Speaking of Smith

Can We Become the Impartial Spectator?

Nir Ben-Moshe for AdamSmithWorks


To what extent did Smith believe we can become the impartial spectator?
Here is a question I have been thinking about, following a referee comment on a recent paper and an exchange with Sam Fleischacker: to what extent did Adam Smith believe that we can become the impartial spectator? On the one hand, Smith makes numerous claims that make it sound as if most of us can shape, or even have shaped, our conscience in the form of an impartial spectator. For example: “It is reason, principle, conscience, the inhabitant of the breast, the man within, the great judge and arbiter of our conduct […] who, whenever we are about to act so as to affect the happiness of others, calls to us, with a voice capable of astonishing the most presumptuous of our passions, that […] when we prefer ourselves so shamefully and so blindly to others, we become the proper objects of resentment, abhorrence, and execration” (TMS III.3.4).

On the other hand, as a paper referee recently reminded me: “Smith believes we are imperfect and will always be imperfect: ‘There are some situations which bear so hard upon human nature, that the greatest degree of self-government, which can belong to so imperfect a creature as man, is not able to stifle, altogether, the voice of human weakness, or reduce the violence of the passions to that pitch of moderation, in which the impartial spectator can entirely enter into them’ (TMS I.i.5.8). I think Smith’s argument is that (1) what all of us can do is imagine what the impartial spectator would approve in a given situation; (2) we can develop and deploy self-command (or “self-government”) to more closely approximate the impartial spectator's judgment; but (3) we will never do so perfectly.”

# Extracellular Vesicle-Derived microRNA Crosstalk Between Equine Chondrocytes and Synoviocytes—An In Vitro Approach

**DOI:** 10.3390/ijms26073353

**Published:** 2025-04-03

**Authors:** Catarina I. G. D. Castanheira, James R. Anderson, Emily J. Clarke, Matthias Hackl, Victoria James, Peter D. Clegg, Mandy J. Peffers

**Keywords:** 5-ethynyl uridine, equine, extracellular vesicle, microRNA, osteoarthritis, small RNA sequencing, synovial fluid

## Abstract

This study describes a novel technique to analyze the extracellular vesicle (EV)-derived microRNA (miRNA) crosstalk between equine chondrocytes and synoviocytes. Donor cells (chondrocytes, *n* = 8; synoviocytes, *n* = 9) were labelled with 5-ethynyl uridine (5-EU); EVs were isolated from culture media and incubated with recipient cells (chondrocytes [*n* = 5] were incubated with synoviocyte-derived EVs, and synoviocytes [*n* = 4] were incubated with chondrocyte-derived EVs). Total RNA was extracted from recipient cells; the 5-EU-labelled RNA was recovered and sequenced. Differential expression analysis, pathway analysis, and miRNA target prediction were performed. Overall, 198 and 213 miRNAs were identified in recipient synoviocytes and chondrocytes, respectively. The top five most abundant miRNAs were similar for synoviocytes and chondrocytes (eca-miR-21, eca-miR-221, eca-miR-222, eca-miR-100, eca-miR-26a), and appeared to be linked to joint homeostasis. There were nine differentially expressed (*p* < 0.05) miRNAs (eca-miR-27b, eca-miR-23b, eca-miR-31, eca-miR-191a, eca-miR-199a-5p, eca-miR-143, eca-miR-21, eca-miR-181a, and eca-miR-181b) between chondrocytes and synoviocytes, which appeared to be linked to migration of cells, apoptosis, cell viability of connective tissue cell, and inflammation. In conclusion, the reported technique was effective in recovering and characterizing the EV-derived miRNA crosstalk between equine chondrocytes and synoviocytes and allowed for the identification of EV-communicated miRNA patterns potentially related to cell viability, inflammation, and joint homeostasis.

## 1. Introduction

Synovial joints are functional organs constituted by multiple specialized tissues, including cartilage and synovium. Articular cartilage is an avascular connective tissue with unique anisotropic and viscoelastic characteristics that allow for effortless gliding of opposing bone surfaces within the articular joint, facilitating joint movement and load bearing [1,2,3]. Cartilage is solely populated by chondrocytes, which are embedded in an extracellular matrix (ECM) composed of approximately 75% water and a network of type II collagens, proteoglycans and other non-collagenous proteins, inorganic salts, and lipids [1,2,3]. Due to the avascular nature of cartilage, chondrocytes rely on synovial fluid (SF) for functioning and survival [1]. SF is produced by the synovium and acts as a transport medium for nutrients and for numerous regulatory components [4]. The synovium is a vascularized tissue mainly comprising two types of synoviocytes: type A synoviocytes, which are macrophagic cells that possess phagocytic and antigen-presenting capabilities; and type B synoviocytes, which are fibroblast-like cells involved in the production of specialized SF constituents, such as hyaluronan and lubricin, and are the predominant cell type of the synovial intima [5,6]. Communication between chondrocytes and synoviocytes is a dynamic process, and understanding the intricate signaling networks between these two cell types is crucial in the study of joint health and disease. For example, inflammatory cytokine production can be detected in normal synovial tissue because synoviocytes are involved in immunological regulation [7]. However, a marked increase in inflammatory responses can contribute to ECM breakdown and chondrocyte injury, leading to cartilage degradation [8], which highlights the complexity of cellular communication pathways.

In the passage that the referee quotes, Smith merely notes that there are “some situations” in which, while we can imagine what the impartial spectator would approve of and deploy self-command to more closely approximate the impartial spectator’s judgment, we will do so imperfectly. However, this is not true of all or even most situations. Nevertheless, Fleischacker has pointed out the following to me, which could strengthen the referee’s point, that is, that we can at most approximate the impartial spectator’s judgment but can never do so perfectly:

1) In TMS III.3.25, Smith describes the “wise and just man” as not merely “affect[ing] the sentiments of the impartial spectator” but “really adopt[ing] them.” However, he goes on to say: “He almost identifies himself with, he almost becomes that impartial spectator, and scarce even feels but as that great arbiter of his conduct directs him to feel” (italics added).  

2) Smith’s depiction of the “wise and virtuous man” in TMS VI.iii.25 is such that this person is always working to improve himself, and there is always something to improve. Moreover, this persons’ awareness that there is always something to improve (his humility) is part of his virtue.  


I am curious to hear what readers think: to what extent is the standpoint of the impartial spectator attainable for us?